If Edinson Cavani needs any insight into the consequences of crossing Neymar at penalty kicks then he just needs to pick up the phone and call Dorival Junior.
He was the Santos manager who, in September 2010, ordered the-then 18-year-old sensation to step away from a spot-kick he’d just won himself against Atletico Goianiense in a Brazilian top flight match.
A few weeks earlier, in the Copa do Brasil final, Neymar had bought a penalty and was given the opportunity to convert it. He hit an embarrassingly inadequate Panenka straight at the Vitoria goalkeeper Lee.
Not too much lasting damage was done as Santos won the cup anyway, with young Neymar among the scorers in the final. Nonetheless, when Neymar won his penalty against Atletico, he attempted to smuggle the ball to the spot and take it for himself.
Dorival intervened and insisted a senior figure in the shape of Marcel take it instead. Neymar unleashed a volley of abuse towards his manager on the bench and towards his captain Edu Dracena, who was attempting to calm him down.
Marcel scored but Neymar wasn’t celebrating, even though it sealed a 4-2 win for the home side at the Vila Belmiro.
He sulked, throwing his water bottle towards the bench as the kick was being despatched and turning his back on the manager. He spent the last few minutes playing the spoilt brat act, half-heartedly dribbling towards the Goianiense ranks and putting little-to-no effort in when he was inevitably dispossessed.
Opposition manager Rene Simoes remarked afterwards that he had hardly ever seen anybody as rude as Neymar in his entire life. “It is time someone educated him or we will create a monster,” he warned.
Dorival attempted some tough love for the player, who, even at that point, was widely expected to become one of Brazil’s all-time greats. A heavy fine was levied and the manager barred Neymar from the line-up for a fortnight.
A two-week suspension, however, would have meant the prodigy missing the Clasico against Corinthians, so club president Luis Alvaro de Oliveira Riberio intervened.
The club sided with the brattish Neymar in the dispute and Dorival was unceremoniously sacked for daring to tame him. The monster had been very much unleashed.
Neymar learned then that his talent could excuse any amount of petulant behaviour and garner indulgence from those at clubs who relied upon him for results and income.
He’s 25 now, infinitely richer and fare more powerful. The Paris Saint-Germain that he’s joined will be designed going forward to cater to his every whim and fancy.
The dressing room is stacked with national team allies, the absence of which hindered his control of the Barcelona ranks.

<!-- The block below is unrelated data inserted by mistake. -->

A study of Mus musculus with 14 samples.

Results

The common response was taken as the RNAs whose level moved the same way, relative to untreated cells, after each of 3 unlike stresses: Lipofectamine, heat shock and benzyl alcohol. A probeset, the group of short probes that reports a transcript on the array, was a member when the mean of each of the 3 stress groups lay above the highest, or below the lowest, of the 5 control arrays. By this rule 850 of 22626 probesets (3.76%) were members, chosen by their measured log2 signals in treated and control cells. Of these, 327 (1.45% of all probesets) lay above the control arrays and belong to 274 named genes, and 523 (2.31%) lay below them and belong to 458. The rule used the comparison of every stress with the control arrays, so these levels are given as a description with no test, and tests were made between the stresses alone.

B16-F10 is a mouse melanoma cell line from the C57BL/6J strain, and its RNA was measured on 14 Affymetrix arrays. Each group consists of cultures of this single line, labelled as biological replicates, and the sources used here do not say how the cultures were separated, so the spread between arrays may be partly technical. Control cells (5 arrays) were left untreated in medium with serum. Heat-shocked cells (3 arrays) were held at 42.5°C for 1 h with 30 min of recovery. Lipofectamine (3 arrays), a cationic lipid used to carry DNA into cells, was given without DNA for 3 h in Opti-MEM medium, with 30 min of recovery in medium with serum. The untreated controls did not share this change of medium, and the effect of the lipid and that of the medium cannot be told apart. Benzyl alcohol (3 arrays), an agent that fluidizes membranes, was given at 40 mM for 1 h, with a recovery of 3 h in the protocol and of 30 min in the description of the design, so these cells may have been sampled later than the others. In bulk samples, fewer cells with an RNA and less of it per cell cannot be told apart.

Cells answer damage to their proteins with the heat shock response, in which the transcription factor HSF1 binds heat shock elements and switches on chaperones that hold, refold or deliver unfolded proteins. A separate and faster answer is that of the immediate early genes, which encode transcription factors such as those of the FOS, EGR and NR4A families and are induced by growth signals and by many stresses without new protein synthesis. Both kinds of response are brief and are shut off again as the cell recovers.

Check out Neymar’s Instagram page and you’ll see plenty of images of him alongside Thiago Silva, Lucas Moura, Marquinhos and Dani Alves.
Indeed, it was the new signing from Juventus who helped steal the ball away from Cavani for the Neymar free-kick over the weekend, the first incident in the game against Lyon which eventually led to this Parisian civil strife.
Lionel Messi was boss at Barca but there is no doubt who is boss in Parc des Princes.
Ici c’est Neymar.
He is being paid more money than not only his team-mates but every other player in the game.
PSG have not brought Neymar in to simply fill a slot in the team. He has been summoned to transform the club from Champions League also-rans and international irrelevance to the most important club in the world.
One of the key reasons he left was to step out of Messi’s shadow. Barca is Messi’s team and will always be Messi’s team until he retires. This though is Neymar’s team. This is his opportunity to be the centre piece, to dictate the team’s attacking play, to be the number one guy.
Surely Edinson Cavani cannot be oblivious to this? If PSG were content to settle for the results Cavani could bring them as the centre piece of their attack, then they would never have called for Neymar and Kylian Mbappe in the first place.
With Cavani front and centre, the PSG without superstars managed second place in the one-horse race that is Ligue 1 and were eliminated in the most humiliating fashion by Neymar and Barcelona in the Champions League quarter-finals.
Cavani was second fiddle to Zlatan Ibrahimovic for three long seasons, being shunted to the wing and largely doing the Swede’s dog-work. If he is to have a future at PSG, then he will need to revert to that kind of deputy role and do so quickly.
And if that means Neymar takes the penalties, then Neymar takes the penalties. Either way, coach Unai Emery has to make a clear stance.
"The manager has to decide," Simeos told Goal this week. "If he decided it was Cavani, then Neymar is to blame. If he chose Neymar, Cavani is to blame. And if he did not chose, he is to blame for what happened."
There is no doubt that the conflict knocked Cavani’s confidence in the game against Lyon, causing him to miss, but the easy way to avoid any future disputes is to give up the fight.
Cavani will never command the same kind of respect and attention as Neymar, even if he is PSG's third top scorer in history. Mario Balotelli expressed a popular sentiment in the week when he suggested that a player like Neymar shouldn’t even need to ask to take penalties for PSG. It should be a given.
"I believe someone promised him that he could be the best in the world [with PSG],” Simoes said. “And the best in the world do as Cristiano Ronaldo does; from the corner kicks to the headers, penalties, free-kicks, everything.
“The same happens with Messi. I believe they promised him that he would be responsible for everything."
PSG have abandoned all reasonable team-building methods in order to best satisfy Neymar. They need to stick with it if that’s the path they’ve chosen. For it to work, he needs to be assured of that status. He has not come to Ligue 1 to watch Cavani insist on taking the penalties.
The sooner Cavani learns you don’t cross the boss, the better.